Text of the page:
What is bulk food shopping?
Bulk shopping is good for the environment and (sometimes) good for your wallet ... so why doesn't everyone do it? You've probably heard of it—that hippie movement associated with shelves upon shelves of nuts and pastas in huge boxes, a scoop provided for filling your own bag, shoppers walking in with containers jangling ready to take up the entire counter space. And, most of the time, this is exactly how it would be. Bulk shopping means that the food does not come pre-packaged in plastic—or aluminium, or cardboard. The idea is that you BYO boxes or bags to fill with as much lentils, seeds, or chocolate as you like. Often, bulk foods will be organic as well—it generally goes with the territory.
So … why should you buy bulk?
Bulk shopping is one way people can reduce their plastic consumption. The main reason people buy bulk is to reduce their plastic consumption. Often, it is to reduce their grocery costs as well, as bulk can sometimes (not always) be cheaper than supermarkets. Others enjoy the organic nature of the food available. And yes, some people buy bulk because bulk is hip.
Why don't you buy bulk?
However, bulk shopping needs to fit into our society of convenience. Bulk shopping is not convenient. I say that, as someone who is a dedicated convert of bulk food. It is not
convenient. First of all, you have to know exactly what you want to buy before you leave the house, so you can plan your containers accordingly. If you walk into the bulk shop and see those macadamia nuts that you're just craving
, but haven't got enough boxes for them, well … too bad. For someone who may be juggling a job, kids, pets, housework, and
a garden—you can just imagine how much headspace they have left for planning their shopping. Then you have to weight all your containers. Unless you are using those mesh bags that weigh about 0.03 of a gram, you have to put your containers on the scale and either tare the scale—which means no one else can use it while you are filling your box—or write the weight on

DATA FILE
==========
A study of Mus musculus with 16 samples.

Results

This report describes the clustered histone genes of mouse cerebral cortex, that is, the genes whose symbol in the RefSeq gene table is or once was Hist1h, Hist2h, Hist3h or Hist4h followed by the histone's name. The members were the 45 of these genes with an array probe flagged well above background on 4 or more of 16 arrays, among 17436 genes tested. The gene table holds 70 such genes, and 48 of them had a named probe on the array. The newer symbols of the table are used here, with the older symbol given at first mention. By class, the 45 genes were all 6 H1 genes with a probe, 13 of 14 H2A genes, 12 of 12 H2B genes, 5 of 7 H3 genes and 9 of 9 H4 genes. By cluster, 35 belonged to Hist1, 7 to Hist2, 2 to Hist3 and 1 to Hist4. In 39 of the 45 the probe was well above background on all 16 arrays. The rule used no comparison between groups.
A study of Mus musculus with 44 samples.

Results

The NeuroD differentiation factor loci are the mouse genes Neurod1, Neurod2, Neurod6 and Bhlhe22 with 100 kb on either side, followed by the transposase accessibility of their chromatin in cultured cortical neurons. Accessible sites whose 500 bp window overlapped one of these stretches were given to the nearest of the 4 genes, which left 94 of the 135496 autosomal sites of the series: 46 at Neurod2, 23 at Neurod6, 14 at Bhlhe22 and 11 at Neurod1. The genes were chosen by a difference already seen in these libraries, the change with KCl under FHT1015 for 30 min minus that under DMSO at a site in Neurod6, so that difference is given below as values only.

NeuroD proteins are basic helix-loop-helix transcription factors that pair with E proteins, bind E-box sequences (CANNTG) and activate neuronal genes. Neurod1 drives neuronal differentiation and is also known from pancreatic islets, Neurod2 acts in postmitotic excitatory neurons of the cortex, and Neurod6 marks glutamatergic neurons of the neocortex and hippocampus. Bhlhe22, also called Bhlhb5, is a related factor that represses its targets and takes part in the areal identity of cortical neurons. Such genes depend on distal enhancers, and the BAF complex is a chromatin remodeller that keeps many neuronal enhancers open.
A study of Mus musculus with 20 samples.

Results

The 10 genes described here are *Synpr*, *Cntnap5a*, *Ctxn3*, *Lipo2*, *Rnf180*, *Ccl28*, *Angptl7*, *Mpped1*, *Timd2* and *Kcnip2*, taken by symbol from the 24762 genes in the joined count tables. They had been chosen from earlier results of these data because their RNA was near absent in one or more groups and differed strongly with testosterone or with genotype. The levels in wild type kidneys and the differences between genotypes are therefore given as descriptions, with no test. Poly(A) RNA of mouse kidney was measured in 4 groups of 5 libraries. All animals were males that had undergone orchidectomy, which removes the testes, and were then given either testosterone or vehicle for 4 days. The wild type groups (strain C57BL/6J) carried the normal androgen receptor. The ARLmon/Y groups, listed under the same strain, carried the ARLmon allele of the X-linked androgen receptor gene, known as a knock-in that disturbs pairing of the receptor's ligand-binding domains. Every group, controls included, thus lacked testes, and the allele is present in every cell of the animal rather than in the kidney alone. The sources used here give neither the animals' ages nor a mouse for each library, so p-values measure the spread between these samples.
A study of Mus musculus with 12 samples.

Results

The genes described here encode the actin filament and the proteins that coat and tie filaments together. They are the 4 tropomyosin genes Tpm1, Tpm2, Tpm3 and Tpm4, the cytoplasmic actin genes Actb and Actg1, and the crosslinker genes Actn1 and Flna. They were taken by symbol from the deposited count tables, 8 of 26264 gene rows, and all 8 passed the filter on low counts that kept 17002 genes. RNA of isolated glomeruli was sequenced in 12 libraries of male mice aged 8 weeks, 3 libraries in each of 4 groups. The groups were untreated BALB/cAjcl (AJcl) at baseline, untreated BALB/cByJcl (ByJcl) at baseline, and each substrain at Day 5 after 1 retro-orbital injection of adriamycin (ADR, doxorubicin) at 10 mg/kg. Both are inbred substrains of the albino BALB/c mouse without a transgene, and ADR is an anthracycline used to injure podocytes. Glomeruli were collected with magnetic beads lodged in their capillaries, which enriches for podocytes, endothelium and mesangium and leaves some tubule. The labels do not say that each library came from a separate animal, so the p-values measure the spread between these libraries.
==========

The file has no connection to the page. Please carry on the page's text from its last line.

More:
the box, which means the cashier has to do the maths later. And what about if you want nuts, flour, and tea leaves—as you can get from the bulk shop—as well as broccoli, milk, and frozen peas? You can either go to your local supermarket and then drag your shopping to the bulk shop—or you can decide to make it quicker and easier for yourself and just
go to the supermarket. In a time-poor world, what do you think you would do? So in order for bulk shopping to really take off in the mainstream, something in the way we do it has to change.
What does that mean?
Let's create demand for bulk shopping ... and maybe then will it become more mainstream (and convenient). Well, bulk shopping has to be convenient. We no longer have a whole demographic of housewives who have nothing better to do than plan their shopping. We have a society of busy, working, men and
women, and someone
has to do the groceries. We need bulk shopping to be more automated. Supermarkets trust customers to scan their own items on the way out, so why shouldn't bulk shops trust us to weigh our own containers? We could print out barcodes which are pre-programmed with the weight of the container, and so when the cashier scans them they automatically subtract the container weight from the weight of the container + food. Bulk shops on their own will not be viable in the near future, as we all get more time-poor and more used to convenience. There are already supermarkets that have a bulk section—this needs to become the norm. Bulk shops are
hip, and they are
more environmentally friendly, but unless they can adapt to suit a society which is accustomed to having everything at a moment's notice, they will fade into obscurity. There are many bulk food shops around Australia. Have a look for your closest one and give it a try. For bulk food to become mainstream, first there must be a demand. For suggestions on how you can have a more sustainable 2020, have a read of this article on our blog. To read about why we should reduce our plastic consumption, check out BioPak's website—and to find out how you can reduce your own plastic consumption, see this article. Article by Tallis Baker. Planet Friendly Packaging acknowledges the traditional custodians of the land on which we work.